Yesterday Vox printed I Love the Victorian Era. So I Decided to Live in It, an essay by Sarah Chrisman, a woman who has turned her life (and her husband’s) into an elaborate Victorian-era cosplay/roleplay. Because it includes lines like “Gabriel said watching me grow accustomed to Victorian clothes was like seeing me blossom into my true self,” the internet predictably went bonkers.

A lot of questions spring to mind about Chrisman’s decision to live as a Victorian, particularly since she’s far more specific about the modern conveniences she’s giving up than which ones she’s holding onto. Has she forsaken smoke detectors? Antibiotics? ATMs? What’s her stance on fluoride toothpaste? Does she take public transportation? How do they handle birth control? As I suggested on Twitter yesterday afternoon, you can’t actually live like a Victorian in 2015, because our society isn’t a Victorian society, and Chrisman’s project of mashing up the technologies of today with those of the Gilded Age — she prints out old newspapers from the internet to read in the tub! — marks her definitively as an enthusiastic citizen of our own miraculous age.

Chrisman and her husband are white, and the simulacrum of Victorian life they’ve chosen to enter is a decidedly upper-class one (though without the extensive staff her forbears would have enjoyed — kerosene has gotten cheaper since 1890, but servants have become a lot more expensive, what with minimum wage laws and child labor regulations and so on). This gave rise to another, more pointed, set of questions yesterday: Does Chrisman’s nostalgia extend to lynching? To eugenics? Phrenology? And what about Chrisman’s own role in society — what about the advances the last 125 years have brought to women? Does she want to throw those away too?

It turns out she kind of does.

Chrisman wrote a book a couple of years ago about her experiences as a Victoriankin, and though it’s mostly about corsets and how everybody’s a bunch of jerks for not understanding how awesome they are, she does find time in its pages to share her views on the social environment of the fin de siècle, and on that era’s women’s rights movement specifically.

Chrisman isn’t a big fan of the suffragettes, whom she considers violent and uncouth, and she’s unimpressed with the franchise itself. (She voted Gore in 2000, and regards that experience as an indication that Votes For Women have been oversold as a liberatory development.) As for more contemporary feminism, she writes that

“the really important work was done a long time ago, and a lot of what people have been trying to do more recently has been sort of counterproductive. I think that in a lot of the efforts that women have made to try to prove they’re the same as men, a lot of the power that women used to have has gotten lost along the way … in the past there was a lot better understanding that women can be different than men and still be very powerful.”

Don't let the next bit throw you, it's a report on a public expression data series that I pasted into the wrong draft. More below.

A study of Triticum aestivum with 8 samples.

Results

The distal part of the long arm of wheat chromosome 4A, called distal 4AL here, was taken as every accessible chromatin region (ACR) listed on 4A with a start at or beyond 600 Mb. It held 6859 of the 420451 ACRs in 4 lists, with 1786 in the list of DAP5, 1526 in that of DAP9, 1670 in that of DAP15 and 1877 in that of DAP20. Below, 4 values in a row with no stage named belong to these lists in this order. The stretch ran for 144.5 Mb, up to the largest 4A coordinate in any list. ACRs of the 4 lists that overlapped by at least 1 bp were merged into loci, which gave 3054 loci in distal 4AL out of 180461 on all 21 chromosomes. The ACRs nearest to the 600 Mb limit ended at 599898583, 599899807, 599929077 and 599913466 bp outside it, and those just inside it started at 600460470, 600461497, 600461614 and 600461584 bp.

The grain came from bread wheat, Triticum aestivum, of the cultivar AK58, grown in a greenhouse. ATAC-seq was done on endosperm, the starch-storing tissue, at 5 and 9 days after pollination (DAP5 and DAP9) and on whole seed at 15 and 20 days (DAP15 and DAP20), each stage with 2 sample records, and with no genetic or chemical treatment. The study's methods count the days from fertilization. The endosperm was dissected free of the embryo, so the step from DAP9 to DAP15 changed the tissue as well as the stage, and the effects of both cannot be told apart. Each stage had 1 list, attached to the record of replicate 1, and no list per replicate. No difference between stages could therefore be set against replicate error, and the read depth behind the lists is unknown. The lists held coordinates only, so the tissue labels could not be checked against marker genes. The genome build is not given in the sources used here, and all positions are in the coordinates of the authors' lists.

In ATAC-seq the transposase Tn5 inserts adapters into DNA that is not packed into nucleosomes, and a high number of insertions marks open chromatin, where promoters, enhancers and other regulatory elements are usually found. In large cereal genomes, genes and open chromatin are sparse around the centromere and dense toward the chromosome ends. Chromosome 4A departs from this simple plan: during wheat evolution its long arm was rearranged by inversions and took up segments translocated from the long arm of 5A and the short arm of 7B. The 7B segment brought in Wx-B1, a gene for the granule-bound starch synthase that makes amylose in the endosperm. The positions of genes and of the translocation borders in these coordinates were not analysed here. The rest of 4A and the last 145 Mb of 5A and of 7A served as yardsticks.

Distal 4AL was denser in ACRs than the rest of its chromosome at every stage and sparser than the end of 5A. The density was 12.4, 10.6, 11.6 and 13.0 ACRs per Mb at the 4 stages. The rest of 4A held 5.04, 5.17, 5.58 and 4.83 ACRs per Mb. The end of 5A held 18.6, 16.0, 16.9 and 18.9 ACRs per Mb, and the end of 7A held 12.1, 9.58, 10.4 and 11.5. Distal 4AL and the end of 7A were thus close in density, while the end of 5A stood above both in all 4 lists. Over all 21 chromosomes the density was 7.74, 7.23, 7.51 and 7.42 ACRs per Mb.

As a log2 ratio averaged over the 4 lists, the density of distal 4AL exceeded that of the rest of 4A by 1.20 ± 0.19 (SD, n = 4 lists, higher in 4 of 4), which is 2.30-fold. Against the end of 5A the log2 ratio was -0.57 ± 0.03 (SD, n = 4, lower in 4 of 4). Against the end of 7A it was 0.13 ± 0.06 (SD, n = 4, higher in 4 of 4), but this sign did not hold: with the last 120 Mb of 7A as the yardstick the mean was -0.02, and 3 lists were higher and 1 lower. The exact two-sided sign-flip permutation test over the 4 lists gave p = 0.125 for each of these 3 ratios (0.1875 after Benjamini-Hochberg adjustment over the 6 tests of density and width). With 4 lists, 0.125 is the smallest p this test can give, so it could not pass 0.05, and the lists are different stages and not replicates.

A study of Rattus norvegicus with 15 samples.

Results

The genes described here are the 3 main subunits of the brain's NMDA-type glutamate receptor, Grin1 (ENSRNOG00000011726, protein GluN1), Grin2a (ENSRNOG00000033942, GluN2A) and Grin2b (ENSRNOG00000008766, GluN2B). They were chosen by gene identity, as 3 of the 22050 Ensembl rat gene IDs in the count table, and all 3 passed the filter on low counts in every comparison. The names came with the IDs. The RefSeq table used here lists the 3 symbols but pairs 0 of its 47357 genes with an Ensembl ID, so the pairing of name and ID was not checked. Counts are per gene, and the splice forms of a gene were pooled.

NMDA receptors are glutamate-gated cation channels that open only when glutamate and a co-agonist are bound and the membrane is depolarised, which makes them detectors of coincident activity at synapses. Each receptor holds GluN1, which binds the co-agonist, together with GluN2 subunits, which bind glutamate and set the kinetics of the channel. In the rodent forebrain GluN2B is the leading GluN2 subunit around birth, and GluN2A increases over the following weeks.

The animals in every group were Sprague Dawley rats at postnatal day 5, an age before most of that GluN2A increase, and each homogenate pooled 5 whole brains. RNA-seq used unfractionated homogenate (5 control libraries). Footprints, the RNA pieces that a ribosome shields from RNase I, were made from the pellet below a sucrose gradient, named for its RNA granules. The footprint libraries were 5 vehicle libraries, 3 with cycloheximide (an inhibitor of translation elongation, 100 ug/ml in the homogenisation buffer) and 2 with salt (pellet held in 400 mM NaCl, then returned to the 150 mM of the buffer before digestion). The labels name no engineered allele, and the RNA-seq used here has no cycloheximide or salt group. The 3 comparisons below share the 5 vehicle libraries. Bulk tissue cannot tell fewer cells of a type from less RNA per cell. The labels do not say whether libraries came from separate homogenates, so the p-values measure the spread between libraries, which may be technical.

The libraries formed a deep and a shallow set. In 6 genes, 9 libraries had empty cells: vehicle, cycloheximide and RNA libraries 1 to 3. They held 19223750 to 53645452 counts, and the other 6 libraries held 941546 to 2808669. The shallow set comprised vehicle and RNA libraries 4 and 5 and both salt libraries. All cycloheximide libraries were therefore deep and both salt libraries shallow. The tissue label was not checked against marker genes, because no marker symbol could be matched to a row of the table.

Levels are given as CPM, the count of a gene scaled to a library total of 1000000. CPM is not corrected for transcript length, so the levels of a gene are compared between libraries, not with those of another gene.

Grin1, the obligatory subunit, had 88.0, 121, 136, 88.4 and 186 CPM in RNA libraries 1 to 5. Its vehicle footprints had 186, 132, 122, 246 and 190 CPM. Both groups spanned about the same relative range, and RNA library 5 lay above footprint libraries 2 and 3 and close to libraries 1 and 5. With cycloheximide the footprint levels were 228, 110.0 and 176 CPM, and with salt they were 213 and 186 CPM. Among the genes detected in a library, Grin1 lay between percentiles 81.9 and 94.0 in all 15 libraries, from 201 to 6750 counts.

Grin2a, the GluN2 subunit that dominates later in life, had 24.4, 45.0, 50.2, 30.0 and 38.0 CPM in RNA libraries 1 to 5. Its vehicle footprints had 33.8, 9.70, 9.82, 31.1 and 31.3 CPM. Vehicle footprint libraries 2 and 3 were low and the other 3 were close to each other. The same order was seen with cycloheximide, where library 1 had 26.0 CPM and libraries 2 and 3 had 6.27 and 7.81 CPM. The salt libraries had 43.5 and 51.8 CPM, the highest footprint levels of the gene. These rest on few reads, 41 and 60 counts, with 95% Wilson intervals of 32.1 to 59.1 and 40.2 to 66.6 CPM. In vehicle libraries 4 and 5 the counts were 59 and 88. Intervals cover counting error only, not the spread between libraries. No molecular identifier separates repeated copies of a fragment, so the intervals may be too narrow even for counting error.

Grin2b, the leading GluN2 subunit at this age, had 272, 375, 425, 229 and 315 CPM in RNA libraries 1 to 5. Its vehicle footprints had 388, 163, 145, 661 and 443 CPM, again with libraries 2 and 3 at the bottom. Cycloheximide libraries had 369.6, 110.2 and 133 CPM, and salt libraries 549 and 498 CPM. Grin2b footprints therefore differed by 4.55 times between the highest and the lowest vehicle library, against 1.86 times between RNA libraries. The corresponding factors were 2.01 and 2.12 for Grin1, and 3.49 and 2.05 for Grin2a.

So there’s that.

The words “child labor” are missing from Chrisman’s book, as are “tuberculosis,” “pellagra,” and “cholera.” She mentions racism twice — once in the course of bemoaning the fact that modern audiences who are sophisticated enough to reject the racial caricatures of Gone With the Wind are hoodwinked by its calumnies against corsetry. (In another passage she compares myths about corsets’ ill effects to “the idea … that Jews eat babies.”)

But it’s the second reference to racism in her book that reveals her worldview. “Those who denounce contemporary cultures are denounced as xenophobes or racists,” she writes, “yet we have no word for those who treat the cultures of the past in this same manner.” She continues: “It is difficult for many people to grasp that lifestyles may have been different in the past, and yet still completely satisfactory to those living them.”

This is cultural relativism of the most simpleminded sort — an assertion of cultural equality via an erasure of cultural difference. (At one point in the book she denies that “any given generation or culture is truly either more or less prudish than any other.) And it cuts against the grain of her larger argument, too — if it’s bigotry to denounce aspects of past cultures, surely it’s also bigotry to denounce the values and habits of the present day that she herself repudiates.

Chrisman’s essay yesterday was mocked as a manifestation of privilege — the privilege of a woman who could look back at an era marked by tremendous suffering and injustice and see only her imagined self, happily occupying a position of wealth and comfort. As her book demonstrates, that solipsism wasn’t just a feature of the essay — it pervades her understanding of the era she longs for.

Chrisman argues that we should view the Victorian era a “completely satisfactory” time for those who lived through it, but of course that era wasn’t completely satisfactory, and of course no era is. The defects of the present day are acutely visible — and endlessly irritating — to her, while the defects of the past are effortlessly erased.

Because today, as much as she enjoys pretending otherwise, is where she lives.